Friday, August 8, 2008

Reading the Web

In a recent posting on his blog, Will Richardson reacts to Nicholas Carr’s article “Is Google Making Us Stupid?” I was struck by Richardson’s question for educators: How is reading on the web changing the way we teach reading skills and strategies? He points out, “…what I do know is that very few schools are thinking deeply about what this all means in terms of reading development and practice.”

This is the very same issue that Motoko Rich raised in last Saturday’s edition of the New York Times. Although her article, “Literacy Debate: Online, R U Really Reading?” at times seems to declare that online reading is not educationally relevent, she does point out that the types of critical reading and thinking skills necessary to read on the web – “locating information quickly and accurately, corroborating findings on multiple sites” – are skills that are applicable to multiple areas of study. Unfortunately, as both Richardson and Rich have pointed out, schools do not seem to be catching on. Rich writes,
“Web readers are persistently weak at judging whether information is trustworthy. In one study, Donald J. Leu, who researches literacy and technology at the University of Connecticut, asked 48 students to look at a spoof Web site about a mythical species known as the “Pacific Northwest tree octopus.” Nearly 90 percent of them missed the joke and deemed the site a reliable source.

Some literacy experts say that reading itself should be redefined. Interpreting videos or pictures, they say, may be as important a skill as analyzing a novel or a poem.”
Instead of blocking and banning Internet use in our classrooms, 21st century teachers must learn to embrace this new frontier of reading. This means teaching our students to be critical readers and consumers of media. In reality, this is no different from the skills that we have been teaching our students. It is not necessarily a change in content; it is a change in where and how we apply the skills of critical literacy. Practically speaking, this means that English teachers must broaden our definition of what constitutes a “text.”

In order to prepare our students to live, work, and interact in an increasingly connected world, we must include reading web-based materials in our curriculum. If we continue to think that the only texts worthy of study are those that are bound together with glue, we are not only doing a disservice to our students, but we are also dooming our profession. Instead, we must include the reading and writing of blogs, wiki sites, and social networking applications into our curriculum. We can use these new technologies to open the doors the present as well as the past. Students and teachers can access annotated Shakespeare texts online as well as contemporary blog reactions to such traditional texts. Not only will utilizing Web 2.0 technologies engage our students, but they will also help them become more competent readers in the world they already dwell in – the world of Web 2.0.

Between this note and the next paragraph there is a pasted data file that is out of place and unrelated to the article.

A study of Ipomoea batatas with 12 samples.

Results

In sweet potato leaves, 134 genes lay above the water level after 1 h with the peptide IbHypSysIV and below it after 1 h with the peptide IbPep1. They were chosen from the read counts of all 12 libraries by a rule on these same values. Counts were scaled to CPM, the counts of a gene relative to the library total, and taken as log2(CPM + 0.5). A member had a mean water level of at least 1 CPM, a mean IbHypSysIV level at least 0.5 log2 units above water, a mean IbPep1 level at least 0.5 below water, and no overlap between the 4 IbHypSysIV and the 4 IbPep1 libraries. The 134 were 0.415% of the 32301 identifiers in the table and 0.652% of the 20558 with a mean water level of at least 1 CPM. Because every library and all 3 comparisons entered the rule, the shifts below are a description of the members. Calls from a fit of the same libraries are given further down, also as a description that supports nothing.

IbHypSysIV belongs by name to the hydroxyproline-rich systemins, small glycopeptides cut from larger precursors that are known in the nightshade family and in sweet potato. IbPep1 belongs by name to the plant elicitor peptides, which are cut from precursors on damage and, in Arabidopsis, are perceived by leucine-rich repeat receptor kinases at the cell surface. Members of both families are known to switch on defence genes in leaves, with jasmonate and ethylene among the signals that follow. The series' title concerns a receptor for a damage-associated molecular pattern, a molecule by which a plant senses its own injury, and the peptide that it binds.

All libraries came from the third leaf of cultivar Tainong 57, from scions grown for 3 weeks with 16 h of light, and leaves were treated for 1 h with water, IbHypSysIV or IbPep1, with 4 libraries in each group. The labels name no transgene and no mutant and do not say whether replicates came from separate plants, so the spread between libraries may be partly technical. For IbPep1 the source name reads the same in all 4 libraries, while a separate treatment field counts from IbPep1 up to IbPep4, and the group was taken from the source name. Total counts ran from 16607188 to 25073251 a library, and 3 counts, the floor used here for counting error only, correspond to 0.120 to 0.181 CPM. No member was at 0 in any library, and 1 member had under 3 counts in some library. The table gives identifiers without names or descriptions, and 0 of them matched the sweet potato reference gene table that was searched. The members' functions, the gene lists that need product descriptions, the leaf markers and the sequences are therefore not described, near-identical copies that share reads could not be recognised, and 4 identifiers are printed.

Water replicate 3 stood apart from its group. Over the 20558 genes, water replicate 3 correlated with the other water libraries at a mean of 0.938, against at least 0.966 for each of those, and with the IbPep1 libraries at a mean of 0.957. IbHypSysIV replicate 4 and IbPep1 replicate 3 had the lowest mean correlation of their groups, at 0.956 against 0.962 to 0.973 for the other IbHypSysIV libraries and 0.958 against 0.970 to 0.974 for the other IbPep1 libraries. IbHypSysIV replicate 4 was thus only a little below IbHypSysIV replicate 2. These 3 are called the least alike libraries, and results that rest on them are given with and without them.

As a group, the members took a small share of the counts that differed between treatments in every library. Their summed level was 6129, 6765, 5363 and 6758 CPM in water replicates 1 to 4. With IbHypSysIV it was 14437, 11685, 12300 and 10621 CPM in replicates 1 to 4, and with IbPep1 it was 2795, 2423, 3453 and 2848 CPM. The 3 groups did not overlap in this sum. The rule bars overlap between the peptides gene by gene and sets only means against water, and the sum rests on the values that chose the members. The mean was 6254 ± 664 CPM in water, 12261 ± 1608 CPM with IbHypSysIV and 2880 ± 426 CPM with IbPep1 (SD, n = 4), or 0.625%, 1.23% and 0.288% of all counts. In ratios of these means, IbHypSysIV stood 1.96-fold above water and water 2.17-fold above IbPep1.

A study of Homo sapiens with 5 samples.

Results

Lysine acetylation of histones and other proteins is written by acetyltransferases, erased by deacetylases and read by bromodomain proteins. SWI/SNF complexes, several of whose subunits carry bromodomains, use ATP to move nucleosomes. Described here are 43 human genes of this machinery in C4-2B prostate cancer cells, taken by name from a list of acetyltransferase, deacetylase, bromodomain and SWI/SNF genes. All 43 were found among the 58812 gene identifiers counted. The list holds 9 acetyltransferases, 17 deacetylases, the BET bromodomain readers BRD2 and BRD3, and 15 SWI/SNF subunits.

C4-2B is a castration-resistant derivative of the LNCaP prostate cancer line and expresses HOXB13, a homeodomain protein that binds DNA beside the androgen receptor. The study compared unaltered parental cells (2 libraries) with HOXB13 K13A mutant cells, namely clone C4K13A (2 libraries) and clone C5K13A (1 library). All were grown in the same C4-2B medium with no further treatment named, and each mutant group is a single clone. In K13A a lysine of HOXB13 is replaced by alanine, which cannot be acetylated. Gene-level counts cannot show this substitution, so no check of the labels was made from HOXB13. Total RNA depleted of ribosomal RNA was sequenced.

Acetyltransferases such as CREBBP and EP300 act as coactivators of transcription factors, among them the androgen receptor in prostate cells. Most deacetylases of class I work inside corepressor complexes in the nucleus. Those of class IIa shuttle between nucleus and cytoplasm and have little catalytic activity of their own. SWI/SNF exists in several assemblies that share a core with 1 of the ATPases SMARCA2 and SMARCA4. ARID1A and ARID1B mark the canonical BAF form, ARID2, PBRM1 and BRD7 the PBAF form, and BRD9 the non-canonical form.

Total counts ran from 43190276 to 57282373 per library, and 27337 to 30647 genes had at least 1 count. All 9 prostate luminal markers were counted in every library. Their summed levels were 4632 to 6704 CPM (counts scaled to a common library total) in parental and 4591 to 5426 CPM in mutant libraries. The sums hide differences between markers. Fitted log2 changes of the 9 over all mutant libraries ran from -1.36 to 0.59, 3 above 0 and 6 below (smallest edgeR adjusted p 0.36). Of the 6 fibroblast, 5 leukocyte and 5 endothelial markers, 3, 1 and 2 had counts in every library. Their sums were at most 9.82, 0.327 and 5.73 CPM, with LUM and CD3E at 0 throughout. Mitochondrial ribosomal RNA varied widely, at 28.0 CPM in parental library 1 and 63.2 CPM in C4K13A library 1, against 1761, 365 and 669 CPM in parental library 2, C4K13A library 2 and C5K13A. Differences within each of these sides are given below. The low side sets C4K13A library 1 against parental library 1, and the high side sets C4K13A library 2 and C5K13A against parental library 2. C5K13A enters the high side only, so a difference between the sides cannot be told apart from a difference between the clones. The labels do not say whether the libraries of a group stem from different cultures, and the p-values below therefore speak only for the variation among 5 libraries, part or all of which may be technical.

M Taher said...

Thanks to Google alert; you find being cited and quoted--i.e., one end of the spectrum: aka. bright Web (the other, cut and past Web, dark Web, follows below).

I am reading your posts on Googleology (this term is getting accepted and adapted), as I would imply: study of the behavior of googling and googlish audience.

See two of my posts on the impact of wiki's, bloggings, etc. (i.e, about the dark Web's cut and paste facilitators); and blog as a teaching tool:

1, Making by Stealing of Un-cited (Recycled) Content in the Wiki Age: Role of Librarians?

2. Blog As A Teaching Tool

My Library Technician blog's older posts have lots of resources on teaching and training.
Best wishes.

Jennifer Ward said...

Wow! Thanks for all the great links. I still feel like I have so much to learn when it comes to using the Web 2.0 technology that is out there. I am familiar with some, but definitely not versed. It is cool to see what other educators are doing with these tools. Thanks!